Global warming is likely to reduce the health of tropical species, scientists from UCLA and the University of Washington report May 6 in Proceedings of the National Academy of Sciences.
At the same time, a little bit of warming may actually move certain organisms, particularly insects, in the high latitudes closer to their optimal temperature, the researchers say.
"In the tropics, most of the organisms we have studied, from insects to amphibians and reptiles, are already living at their optimal physiological temperatures," said Curtis Deutsch, UCLA assistant professor of atmospheric and oceanic sciences and co-author of the study. "When warming starts, they do less well as they move toward the hottest end of their comfort range. Even a modest increase in temperature appears rather large to them and negatively impacts their population growth rates."
Why should we be concerned with the fate of insects in the tropics?
"The biodiversity of the planet is concentrated in tropical climates, where there is a tremendous variety of species," Deutsch said. "This makes our finding that the impacts of global warming are going to be most detrimental to species in tropical climates all the more disturbing. In addition, what hurts the insects hurts the ecosystem. Insects carry out essential functions for humans and ecosystems — such as pollinating our crops and breaking down organic matter back into its nutrients so other organisms can use them. Insects are essential to the ecosystem."
At least for the short term, the impact of global warming will have opposing effects. In the tropics, warming will reduce insects' ability to reproduce; in the high latitudes, the ability of organisms to reproduce will increase slightly, Deutsch said. If warming continues, the insects in the high latitudes would eventually be adversely affected as well.
"Our results imply that in the absence of any adaptation or migration by these populations in the tropics, they will experience large declines in their population growth rate," Deutsch said. "This could lead to a fairly rapid population collapse, but organisms are adaptable; the question is, what will their response be? They could migrate toward the poles or toward higher elevations, for instance."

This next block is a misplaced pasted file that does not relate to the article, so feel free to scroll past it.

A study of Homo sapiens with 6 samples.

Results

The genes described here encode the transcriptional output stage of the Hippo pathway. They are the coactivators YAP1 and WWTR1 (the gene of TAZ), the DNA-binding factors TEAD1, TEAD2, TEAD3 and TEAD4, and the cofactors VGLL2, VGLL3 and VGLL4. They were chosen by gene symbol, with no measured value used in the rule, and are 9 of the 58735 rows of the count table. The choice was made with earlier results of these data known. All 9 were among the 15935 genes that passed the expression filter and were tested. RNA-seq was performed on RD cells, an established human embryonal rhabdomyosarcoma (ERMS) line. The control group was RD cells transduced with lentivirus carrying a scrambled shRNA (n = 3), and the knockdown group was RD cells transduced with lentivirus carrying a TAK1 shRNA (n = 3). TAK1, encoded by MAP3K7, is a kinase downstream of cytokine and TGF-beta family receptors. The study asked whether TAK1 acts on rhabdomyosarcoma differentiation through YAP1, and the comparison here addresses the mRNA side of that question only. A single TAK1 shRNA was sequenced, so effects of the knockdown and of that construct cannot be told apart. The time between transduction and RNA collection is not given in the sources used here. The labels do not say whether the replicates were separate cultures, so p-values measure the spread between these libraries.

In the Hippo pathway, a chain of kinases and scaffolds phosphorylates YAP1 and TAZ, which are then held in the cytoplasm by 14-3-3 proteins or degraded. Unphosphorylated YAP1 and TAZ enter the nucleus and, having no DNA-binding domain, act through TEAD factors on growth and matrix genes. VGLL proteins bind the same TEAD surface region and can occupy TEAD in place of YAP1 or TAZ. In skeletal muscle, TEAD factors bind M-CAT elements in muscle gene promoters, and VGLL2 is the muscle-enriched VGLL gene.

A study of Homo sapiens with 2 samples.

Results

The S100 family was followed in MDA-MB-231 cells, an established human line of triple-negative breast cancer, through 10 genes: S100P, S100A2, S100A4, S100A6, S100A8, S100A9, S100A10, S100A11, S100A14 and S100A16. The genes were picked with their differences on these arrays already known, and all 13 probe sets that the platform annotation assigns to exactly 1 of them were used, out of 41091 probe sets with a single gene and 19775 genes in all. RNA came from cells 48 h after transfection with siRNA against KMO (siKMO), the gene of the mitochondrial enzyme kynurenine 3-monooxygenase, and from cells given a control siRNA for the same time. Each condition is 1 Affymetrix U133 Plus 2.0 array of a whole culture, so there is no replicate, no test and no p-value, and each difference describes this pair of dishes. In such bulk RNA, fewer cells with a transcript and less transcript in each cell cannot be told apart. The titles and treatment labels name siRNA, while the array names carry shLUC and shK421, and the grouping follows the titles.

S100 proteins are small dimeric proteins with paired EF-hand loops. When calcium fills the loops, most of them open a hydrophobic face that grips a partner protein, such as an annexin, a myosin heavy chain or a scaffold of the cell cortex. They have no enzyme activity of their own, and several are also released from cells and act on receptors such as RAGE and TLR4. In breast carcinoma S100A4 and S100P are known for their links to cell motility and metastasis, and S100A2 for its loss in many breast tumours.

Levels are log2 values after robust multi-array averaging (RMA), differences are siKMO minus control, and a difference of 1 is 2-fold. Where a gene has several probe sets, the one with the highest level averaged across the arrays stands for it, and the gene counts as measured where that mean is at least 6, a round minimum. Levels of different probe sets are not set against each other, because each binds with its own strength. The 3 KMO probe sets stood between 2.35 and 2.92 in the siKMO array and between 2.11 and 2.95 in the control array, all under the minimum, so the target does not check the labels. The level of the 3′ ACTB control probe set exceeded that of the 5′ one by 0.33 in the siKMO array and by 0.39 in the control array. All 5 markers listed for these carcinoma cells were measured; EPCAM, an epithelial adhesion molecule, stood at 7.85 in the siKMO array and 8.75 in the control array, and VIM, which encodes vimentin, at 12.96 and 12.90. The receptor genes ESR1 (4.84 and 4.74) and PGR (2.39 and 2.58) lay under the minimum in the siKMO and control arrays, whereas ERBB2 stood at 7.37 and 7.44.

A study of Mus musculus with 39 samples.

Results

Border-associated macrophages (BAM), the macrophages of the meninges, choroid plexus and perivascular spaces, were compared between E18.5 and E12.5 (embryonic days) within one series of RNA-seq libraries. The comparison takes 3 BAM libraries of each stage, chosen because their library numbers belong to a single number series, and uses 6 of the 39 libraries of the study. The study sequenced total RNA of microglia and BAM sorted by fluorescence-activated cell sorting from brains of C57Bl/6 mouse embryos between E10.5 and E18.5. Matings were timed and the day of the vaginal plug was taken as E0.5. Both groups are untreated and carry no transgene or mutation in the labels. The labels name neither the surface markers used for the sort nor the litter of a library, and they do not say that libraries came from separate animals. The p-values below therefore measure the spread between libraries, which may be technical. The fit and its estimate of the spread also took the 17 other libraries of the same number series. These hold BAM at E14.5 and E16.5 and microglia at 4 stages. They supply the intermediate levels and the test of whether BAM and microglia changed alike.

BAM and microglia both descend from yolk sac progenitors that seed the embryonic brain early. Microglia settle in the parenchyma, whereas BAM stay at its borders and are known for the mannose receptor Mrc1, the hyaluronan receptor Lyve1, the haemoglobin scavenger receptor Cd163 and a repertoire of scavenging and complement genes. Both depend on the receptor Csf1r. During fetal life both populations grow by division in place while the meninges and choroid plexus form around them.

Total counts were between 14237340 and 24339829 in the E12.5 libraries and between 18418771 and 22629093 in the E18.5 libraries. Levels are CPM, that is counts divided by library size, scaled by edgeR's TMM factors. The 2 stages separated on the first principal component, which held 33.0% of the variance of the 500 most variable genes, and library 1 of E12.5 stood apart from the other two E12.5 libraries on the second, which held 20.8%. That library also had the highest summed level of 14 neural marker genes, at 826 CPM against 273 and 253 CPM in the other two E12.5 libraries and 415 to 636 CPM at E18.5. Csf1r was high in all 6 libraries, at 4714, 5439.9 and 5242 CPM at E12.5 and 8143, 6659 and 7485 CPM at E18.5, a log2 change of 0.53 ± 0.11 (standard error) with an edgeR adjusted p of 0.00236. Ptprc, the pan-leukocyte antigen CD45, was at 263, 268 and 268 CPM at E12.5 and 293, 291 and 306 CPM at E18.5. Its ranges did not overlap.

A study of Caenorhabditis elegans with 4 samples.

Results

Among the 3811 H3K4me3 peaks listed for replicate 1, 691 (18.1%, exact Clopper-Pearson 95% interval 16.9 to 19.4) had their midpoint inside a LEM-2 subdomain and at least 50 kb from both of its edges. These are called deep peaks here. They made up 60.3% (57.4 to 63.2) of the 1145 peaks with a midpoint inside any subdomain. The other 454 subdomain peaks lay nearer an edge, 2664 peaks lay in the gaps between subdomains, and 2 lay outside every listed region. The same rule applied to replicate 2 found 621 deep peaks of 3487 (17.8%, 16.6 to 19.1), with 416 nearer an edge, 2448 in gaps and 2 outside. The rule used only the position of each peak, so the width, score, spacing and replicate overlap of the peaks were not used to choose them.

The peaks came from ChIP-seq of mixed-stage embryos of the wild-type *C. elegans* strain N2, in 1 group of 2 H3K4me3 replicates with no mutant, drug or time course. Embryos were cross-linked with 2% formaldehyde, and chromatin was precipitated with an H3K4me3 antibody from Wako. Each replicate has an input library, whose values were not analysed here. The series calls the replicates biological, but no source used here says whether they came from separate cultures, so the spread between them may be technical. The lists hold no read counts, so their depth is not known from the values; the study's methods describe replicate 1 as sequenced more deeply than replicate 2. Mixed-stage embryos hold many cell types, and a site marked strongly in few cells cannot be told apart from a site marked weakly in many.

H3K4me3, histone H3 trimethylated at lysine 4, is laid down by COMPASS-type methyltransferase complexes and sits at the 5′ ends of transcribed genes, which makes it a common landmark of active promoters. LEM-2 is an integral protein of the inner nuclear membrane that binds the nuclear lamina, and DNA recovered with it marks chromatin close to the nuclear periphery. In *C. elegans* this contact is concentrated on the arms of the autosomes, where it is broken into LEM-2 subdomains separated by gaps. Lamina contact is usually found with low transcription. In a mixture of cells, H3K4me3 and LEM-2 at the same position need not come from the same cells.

"We don't think this is restricted to insect species," Deutsch said. "Data on turtles, lizards, frogs and toads show patterns that are very similar to what we find for insects. They will do much worse in the tropics than in the high latitudes."
Scientists have measured in laboratories how sensitive different species are to changes in temperature. For insects, the data is comprehensive and includes information on how temperature affects the population growth rate for species, Deutsch said. He and his colleagues — who included Joshua Tewksbury, assistant professor of biology at the University of Washington, and Raymond Huey, professor of biology at the University of Washington — studied the data, then went to climate models and analyzed what the predicted temperature change in various regions implied about species' future growth rate.
According to climate predictions, more rapid rates of warming of the Earth's surface will occur in the higher latitudes, especially in the polar regions, than at the equator, Deutsch said.
"You would think a larger warming in Alaska would have a greater impact on the organisms living there than a much smaller increase in, say, Panama or Costa Rica," he said. "We found the opposite will be true. A 1-degree temperature change in Panama will not be felt the same way by an organism as a 1-degree temperature change in Alaska."
The range of temperature tolerance that an organism has is largely dependent on how much temperature variability it experiences. In the tropics, the amount of temperature variability is very small; there is little difference between summer and winter, while in Alaska, the seasons are dramatically different.
To live in their environments, organisms in the tropics should have a relatively narrow tolerance for temperature change, while in the high latitudes, organisms should be able to tolerate a much wider variation in temperature.
"The magnitude of the impact of global warming depends largely on what we do to slow it down," Deutsch said.
Deutsch studies interactions between the Earth's climate and biological systems such as ecosystems. He is an expert in biogeochemistry, a new field that studies how biological, chemical and geological processes influence the chemical composition of the atmosphere and its climate.
The Proceedings of the National Academy of Sciences research is federally funded by the National Science Foundation, as well as by the University of Washington's Program on Climate Change, where Deutsch was a postdoctoral scholar and where he conducted the research.
UCLA is California's largest university, with an enrollment of nearly 37,000 undergraduate and graduate students. The UCLA College of Letters and Science and the university's 11 professional schools feature renowned faculty and offer more than 300 degree programs and majors. UCLA is a national and international leader in the breadth and quality of its academic, research, health care, cultural, continuing education and athletic programs. Four alumni and five faculty have been awarded the Nobel Prize.